Favela hotels serve up different view of Rio


Oct 25, 2005
This isn't about Argentina at all, but it may be interesting to ex-pats in Argentina:
With her thick-rimmed glasses and sparse, rotting teeth, Alzenira Bento is hardly a typical hotel owner. She has spent her life carting firewood up the mountainsides of Rio de Janeiro and washing the clothes of Copacabana's rich "madames", and now, at 70, lives in a three-storey home at the heart of the Chapeu Mangueira shantytown, which peers over Rio's famous beach.
But as the driving force behind the "Rio Culture" pousada (inn), Mrs Bento is part of a new wave of favela hoteliers offering stays in Rio's redbrick shantytowns at rock-bottom prices.
"Foreigners are tired of seeing that postcard, that washed version of Brazil," said her 40-year-old daughter, Patricia Bento, who also chips in at the family-run guest house. "If you just stay in the [five-star] Sofitel you leave with no notion of the extent of the misery in this country."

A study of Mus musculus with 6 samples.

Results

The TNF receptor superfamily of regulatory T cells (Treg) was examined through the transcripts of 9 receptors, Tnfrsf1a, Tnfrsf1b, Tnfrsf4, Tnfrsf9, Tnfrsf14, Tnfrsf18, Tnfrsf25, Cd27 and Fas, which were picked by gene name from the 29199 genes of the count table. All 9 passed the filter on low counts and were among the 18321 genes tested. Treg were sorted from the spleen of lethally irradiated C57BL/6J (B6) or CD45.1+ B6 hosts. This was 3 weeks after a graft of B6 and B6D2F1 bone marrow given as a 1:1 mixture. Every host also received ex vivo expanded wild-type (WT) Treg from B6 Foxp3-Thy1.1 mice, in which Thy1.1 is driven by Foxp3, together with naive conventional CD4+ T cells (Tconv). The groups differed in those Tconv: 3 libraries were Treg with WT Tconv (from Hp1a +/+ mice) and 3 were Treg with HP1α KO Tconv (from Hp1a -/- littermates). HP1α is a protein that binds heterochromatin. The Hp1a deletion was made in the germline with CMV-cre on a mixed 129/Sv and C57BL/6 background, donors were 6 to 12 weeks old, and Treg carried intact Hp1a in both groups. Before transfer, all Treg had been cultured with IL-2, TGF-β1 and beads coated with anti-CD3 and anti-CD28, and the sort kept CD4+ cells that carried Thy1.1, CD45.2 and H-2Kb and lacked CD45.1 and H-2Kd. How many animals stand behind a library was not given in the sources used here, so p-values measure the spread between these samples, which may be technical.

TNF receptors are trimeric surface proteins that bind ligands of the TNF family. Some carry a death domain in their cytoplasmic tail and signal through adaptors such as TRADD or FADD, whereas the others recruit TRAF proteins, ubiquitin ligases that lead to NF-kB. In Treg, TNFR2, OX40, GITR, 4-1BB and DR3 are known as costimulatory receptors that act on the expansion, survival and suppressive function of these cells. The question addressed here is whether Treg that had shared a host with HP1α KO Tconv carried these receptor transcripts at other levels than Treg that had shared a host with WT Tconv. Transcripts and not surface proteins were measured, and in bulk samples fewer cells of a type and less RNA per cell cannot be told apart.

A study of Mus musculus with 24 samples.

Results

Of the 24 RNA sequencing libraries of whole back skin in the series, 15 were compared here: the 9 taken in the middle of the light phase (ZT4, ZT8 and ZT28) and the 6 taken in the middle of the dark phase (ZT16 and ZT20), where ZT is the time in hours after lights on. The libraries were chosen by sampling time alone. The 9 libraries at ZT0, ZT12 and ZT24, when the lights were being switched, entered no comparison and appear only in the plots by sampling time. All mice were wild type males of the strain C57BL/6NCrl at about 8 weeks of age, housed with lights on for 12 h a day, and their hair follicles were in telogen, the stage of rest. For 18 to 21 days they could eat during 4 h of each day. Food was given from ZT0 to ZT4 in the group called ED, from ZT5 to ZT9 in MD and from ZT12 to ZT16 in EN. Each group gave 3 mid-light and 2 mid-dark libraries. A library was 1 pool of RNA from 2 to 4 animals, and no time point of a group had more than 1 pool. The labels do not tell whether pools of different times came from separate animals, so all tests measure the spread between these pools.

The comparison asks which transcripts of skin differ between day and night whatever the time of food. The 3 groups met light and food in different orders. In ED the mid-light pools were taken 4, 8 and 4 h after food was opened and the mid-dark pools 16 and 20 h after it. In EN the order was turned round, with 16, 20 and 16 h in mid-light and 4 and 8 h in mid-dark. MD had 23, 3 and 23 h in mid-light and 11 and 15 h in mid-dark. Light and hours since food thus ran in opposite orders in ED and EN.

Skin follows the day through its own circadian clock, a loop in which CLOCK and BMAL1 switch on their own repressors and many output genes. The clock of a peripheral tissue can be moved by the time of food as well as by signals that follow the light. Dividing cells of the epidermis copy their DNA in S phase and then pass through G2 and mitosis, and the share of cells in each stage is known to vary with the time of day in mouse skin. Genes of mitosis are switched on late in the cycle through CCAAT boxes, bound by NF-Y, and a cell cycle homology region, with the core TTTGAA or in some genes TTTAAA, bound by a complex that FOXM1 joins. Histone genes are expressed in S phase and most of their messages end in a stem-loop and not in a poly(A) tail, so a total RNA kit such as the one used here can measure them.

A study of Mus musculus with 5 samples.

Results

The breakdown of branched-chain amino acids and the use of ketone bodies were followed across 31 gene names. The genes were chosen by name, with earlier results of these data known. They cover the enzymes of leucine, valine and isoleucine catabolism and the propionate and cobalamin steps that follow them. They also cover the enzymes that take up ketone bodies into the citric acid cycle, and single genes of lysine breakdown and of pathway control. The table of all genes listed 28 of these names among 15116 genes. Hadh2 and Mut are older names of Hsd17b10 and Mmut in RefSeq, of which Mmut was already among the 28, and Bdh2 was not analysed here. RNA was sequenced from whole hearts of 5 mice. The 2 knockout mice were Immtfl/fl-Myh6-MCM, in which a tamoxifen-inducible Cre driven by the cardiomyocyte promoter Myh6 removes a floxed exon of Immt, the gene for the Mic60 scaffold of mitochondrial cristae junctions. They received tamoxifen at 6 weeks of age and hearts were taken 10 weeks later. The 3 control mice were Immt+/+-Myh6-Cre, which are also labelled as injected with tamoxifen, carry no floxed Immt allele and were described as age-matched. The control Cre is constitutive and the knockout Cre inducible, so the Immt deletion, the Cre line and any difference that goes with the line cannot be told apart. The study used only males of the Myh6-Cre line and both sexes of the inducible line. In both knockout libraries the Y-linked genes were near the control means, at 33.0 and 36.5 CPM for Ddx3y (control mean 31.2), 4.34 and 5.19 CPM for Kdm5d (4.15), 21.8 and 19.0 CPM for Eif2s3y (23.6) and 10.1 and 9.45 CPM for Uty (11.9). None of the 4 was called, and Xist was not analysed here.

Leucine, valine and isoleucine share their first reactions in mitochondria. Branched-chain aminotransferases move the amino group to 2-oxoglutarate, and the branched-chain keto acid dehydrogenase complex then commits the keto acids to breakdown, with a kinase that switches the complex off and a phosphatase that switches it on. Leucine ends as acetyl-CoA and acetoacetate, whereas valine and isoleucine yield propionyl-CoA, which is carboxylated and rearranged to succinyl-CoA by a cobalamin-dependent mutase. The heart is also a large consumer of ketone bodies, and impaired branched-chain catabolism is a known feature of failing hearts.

Favela tourism is nothing new to Rio. Since the 1980s, guidebooks have suggested that tourists take fleeting trips past the 800 or so shantytowns now scattered across the city's undulating landscape.
Dozens of tourist companies offer Jeep excursions into such areas, which are notorious for their cocaine fuelled conflicts.
But with half a dozen favela hotels having opened their doors in the past 12 months, tourists keen to get a taste of the city's impoverished underbelly - or economise as they make their way around South America - can now check into the favelas day and night.